Six new Canada Research Chairs have been appointed at the University of British Columbia and 11 more have been renewed, infusing $12.1 million into research at the university.
The chairs were announced Wednesday at the University of Guelph, in Ontario, as part of a national announcement of 253 chairs across Canada, totaling $203.9 million.
“The Canada Research Chair program has been instrumental in supporting and expanding research capacity at UBC and universities across the country,” says John Hepburn, Vice President Research and International at UBC. “It helps drive researchers in their pursuit of knowledge and the creation of new innovations.”
UBC’s new Canada Research Chair appointments will support research on brain health, fish physiology, psychology, discrimination, philosophy and catalyst development. The six new chairs are:
Philip Ainslie, an associate professor in the Faculty of Health and Social Development at UBC’s Okanagan campus, was appointed the Canada Research Chair in Cerebrovascular Function in Health and Disease (Tier Two). Ainslie uses dynamic brain-imaging techniques with and without pharmacological manipulation to study the mechanisms that control human brain blood flow in disease and throughout aging. If brain blood flow drops below a critical level, brain cells begin to die which leads to loss of mental abilities.
Anthony Farrell, a professor in the Faculty of Land and Food Systems and the Department of Zoology, was appointed the Canada Research Chair in Fish Physiology, Culture and Conservation (Tier One). Farrell studies the design of the fish heart and how this organ functions in different species and variable environments. His research has direct applications in fisheries, aquaculture, fish conservation and perhaps biomedicine, and will be instrumental in assessing the impacts of global warming on fish distributions.
Kiley Hamlin, an assistant professor in the Department of Psychology, was appointed the Canada Research Chair in Developmental Psychology (Tier 2). Her work focuses on the earliest development of moral cognition, examining whether pre-verbal infants make judgments about which behaviors and individuals are good and praiseworthy, and which are bad and blameworthy. She has discovered that before infants have learned language or been explicitly taught about right and wrong, they show adult-like social preferences for “good guys” over “bad guys.” This work has implications for the development and evolution of moral judgment in humans.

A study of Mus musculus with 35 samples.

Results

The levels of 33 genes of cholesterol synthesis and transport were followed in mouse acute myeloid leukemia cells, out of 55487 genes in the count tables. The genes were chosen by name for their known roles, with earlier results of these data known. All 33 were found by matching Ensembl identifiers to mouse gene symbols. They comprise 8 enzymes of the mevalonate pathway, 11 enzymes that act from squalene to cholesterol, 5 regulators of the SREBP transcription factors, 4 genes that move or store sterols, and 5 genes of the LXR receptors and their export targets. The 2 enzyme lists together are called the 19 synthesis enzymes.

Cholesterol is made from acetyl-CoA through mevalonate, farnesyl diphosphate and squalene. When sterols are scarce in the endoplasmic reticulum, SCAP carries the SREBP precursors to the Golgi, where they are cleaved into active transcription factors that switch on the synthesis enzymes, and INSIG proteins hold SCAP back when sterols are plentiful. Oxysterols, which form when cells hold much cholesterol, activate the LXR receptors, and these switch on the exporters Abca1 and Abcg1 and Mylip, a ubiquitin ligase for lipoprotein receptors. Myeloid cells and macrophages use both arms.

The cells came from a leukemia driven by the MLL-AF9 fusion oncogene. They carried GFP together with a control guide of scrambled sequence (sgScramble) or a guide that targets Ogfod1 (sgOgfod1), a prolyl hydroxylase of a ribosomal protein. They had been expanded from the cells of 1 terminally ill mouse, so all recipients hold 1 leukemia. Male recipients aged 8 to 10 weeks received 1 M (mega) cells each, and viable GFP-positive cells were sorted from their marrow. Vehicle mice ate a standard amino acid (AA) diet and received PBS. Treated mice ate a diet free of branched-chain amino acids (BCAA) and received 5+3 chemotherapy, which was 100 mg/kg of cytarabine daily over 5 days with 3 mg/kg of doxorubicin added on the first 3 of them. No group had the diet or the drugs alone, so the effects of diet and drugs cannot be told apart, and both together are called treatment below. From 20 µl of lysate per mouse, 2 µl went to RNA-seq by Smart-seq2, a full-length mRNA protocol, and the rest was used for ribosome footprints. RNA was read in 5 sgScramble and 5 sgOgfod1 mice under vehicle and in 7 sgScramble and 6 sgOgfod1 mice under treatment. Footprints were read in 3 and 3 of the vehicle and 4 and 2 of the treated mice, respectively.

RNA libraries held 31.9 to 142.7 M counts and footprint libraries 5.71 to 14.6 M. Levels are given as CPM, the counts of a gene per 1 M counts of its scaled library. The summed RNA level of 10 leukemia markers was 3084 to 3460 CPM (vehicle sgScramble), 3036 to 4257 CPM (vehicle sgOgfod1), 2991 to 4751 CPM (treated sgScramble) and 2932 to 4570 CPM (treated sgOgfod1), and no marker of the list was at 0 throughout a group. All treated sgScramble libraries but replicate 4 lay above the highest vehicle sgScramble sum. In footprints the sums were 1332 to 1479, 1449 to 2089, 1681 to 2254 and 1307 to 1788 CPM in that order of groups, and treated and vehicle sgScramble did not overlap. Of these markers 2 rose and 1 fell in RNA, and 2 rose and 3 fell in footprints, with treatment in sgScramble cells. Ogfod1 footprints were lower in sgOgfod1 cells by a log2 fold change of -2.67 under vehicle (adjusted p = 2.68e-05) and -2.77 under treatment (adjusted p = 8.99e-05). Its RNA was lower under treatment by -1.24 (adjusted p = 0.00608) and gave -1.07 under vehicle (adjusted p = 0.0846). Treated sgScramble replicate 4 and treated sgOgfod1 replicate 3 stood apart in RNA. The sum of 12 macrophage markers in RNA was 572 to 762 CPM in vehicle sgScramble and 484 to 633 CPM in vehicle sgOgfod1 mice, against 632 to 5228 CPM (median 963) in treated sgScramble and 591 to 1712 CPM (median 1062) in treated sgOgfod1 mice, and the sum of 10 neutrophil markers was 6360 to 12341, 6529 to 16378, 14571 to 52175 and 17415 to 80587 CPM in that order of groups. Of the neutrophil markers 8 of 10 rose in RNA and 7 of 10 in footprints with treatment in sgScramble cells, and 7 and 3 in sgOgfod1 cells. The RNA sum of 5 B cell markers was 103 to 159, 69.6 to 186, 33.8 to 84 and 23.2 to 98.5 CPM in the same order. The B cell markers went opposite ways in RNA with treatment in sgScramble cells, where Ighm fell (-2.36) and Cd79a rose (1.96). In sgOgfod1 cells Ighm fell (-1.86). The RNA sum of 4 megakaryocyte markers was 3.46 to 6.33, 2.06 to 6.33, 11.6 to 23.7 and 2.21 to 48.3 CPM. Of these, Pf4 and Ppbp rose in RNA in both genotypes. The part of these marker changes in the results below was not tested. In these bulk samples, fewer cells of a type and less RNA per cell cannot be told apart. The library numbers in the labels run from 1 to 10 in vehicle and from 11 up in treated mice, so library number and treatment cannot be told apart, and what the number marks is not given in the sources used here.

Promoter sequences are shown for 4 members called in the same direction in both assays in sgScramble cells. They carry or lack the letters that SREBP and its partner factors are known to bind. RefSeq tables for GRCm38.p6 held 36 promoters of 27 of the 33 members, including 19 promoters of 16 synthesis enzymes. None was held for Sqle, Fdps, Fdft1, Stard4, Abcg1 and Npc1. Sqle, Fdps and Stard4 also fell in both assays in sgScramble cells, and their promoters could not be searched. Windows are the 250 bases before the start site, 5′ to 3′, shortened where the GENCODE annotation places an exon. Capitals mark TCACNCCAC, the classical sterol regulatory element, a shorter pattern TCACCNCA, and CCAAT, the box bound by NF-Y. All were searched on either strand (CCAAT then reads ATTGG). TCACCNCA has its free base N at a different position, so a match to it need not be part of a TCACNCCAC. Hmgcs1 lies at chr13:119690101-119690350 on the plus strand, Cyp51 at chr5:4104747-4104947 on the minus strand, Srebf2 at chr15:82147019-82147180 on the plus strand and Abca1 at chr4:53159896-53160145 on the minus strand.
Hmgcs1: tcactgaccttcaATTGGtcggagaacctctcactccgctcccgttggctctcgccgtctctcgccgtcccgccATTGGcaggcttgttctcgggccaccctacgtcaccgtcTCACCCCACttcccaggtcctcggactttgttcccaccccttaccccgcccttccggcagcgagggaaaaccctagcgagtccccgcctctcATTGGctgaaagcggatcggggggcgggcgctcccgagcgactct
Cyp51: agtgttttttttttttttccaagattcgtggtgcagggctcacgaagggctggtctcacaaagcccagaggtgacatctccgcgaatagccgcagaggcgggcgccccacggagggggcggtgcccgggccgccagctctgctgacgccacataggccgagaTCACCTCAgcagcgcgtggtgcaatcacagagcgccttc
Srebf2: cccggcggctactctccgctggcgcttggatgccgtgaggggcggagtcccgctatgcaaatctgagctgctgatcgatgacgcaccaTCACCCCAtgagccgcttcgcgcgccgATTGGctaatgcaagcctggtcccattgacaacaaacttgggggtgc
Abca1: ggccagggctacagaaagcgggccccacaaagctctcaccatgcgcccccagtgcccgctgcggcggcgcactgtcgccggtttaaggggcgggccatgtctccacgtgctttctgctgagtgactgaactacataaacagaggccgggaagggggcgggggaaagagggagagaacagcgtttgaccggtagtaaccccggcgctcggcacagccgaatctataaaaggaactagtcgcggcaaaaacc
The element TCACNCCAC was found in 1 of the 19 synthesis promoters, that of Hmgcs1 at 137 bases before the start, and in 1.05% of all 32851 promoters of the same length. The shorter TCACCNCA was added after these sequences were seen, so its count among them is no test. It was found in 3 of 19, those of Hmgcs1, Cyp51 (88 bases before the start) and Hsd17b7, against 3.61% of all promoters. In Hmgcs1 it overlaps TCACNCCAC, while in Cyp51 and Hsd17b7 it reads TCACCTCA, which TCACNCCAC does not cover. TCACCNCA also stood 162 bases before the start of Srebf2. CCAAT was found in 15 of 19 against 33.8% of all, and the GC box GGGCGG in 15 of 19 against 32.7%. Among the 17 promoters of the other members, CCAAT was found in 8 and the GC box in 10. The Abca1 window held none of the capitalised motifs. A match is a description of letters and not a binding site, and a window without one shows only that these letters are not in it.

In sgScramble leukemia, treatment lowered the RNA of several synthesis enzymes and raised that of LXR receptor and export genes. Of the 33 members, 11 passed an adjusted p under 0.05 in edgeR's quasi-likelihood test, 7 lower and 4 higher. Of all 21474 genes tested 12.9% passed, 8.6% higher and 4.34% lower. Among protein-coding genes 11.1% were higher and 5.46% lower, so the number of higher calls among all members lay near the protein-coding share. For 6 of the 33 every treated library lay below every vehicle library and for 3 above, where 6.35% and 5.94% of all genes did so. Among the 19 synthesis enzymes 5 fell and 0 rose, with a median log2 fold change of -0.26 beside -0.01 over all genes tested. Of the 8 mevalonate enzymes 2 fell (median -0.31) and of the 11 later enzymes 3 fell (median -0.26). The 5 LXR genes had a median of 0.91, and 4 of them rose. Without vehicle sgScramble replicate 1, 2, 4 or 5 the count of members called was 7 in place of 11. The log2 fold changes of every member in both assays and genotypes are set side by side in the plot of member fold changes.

Elizabeth Hirsh, an assistant professor in the Department of Sociology, was appointed the Canada Research Chair in Social Inequality and Law (Tier Two). Hirsh studies employment discrimination on the basis of gender, race, and ethnicity, and related laws and policies. Her research asks how workers identify discrimination on the job, what leads them to file formal legal claims and whether lawsuits reduce employment discrimination among employers that are targeted. Her research will identify policies that promote fair employment practices and demonstrate how the law can be used most effectively for social change.
Carrie Jenkins, an associate professor in the Department of Philosophy, was appointed the Canada Research Chair in Philosophy (Tier 2). Her current research concerns explanation, and it is her view that many of the deepest philosophical questions are really questions about what explains what. If this is right, then in order to have a chance of answering these questions it is first necessary to develop and apply a proper philosophical theory of how explanation works. Jenkins is working both to develop such a theory and on a range of key applications.
Laurel Schafer, a professor in the Faculty of Science, was appointed the Canada Research Chair in Catalyst Development (Tier One). Schafer is investigating the use of a new family of catalysts that employs low toxicity metals that are easily modified and rapidly assembled. The development of these catalysts will help minimize waste and maximize energy efficiency in important chemical transformations for the fine chemical, petrochemical, pharmaceutical and agrochemical industries.
The renewed appointments include:
- Eric Accili – Canada Research Chair in Pacemaker Channel Biology (Tier Two)
- Heinz Bauchke – Canada Research Chair in Convex Analysis and Optimization (Tier Two)
- Dieter Brömme – Canada Research Chair in Proteases and Diseases (Tier One)
- Michael Byers – Canada Research Chair in Global Politics and International Law (Tier One)
- Kai Chan – Canada Research Chair in Biodiversity and Ecosystem Services (Tier Two)
- Adele Diamond – Canada Research Chair in Development Cognitive Neuroscience (Tier One)
- Carlo Marra – Canada Research Chair in Pharmaceutical Outcomes Research (Tier Two)
- Murdoch McAllister – Canada Research Chair in Fisheries Assessment and Statistics (Tier Two)
- Susan Murch – Canada Research Chair in Natural Products Chemistry (Tier Two)
- Jeremy Seamans – Canada Research Chair in Neurobiology of Mental Health and Addiction (Tier Two)
- Tsering Shakya – Canada Research Chair in Religion and Contemporary Society in Asia (Tier Two)
Tier One chairs will each receive $200,000 in funding annually for seven years and Tier Two chairs will each receive $100,000 annually for five years. For more information on the Canada Research Chair program and the new chairs, visit http://www.chairs-chaires.gc.ca/.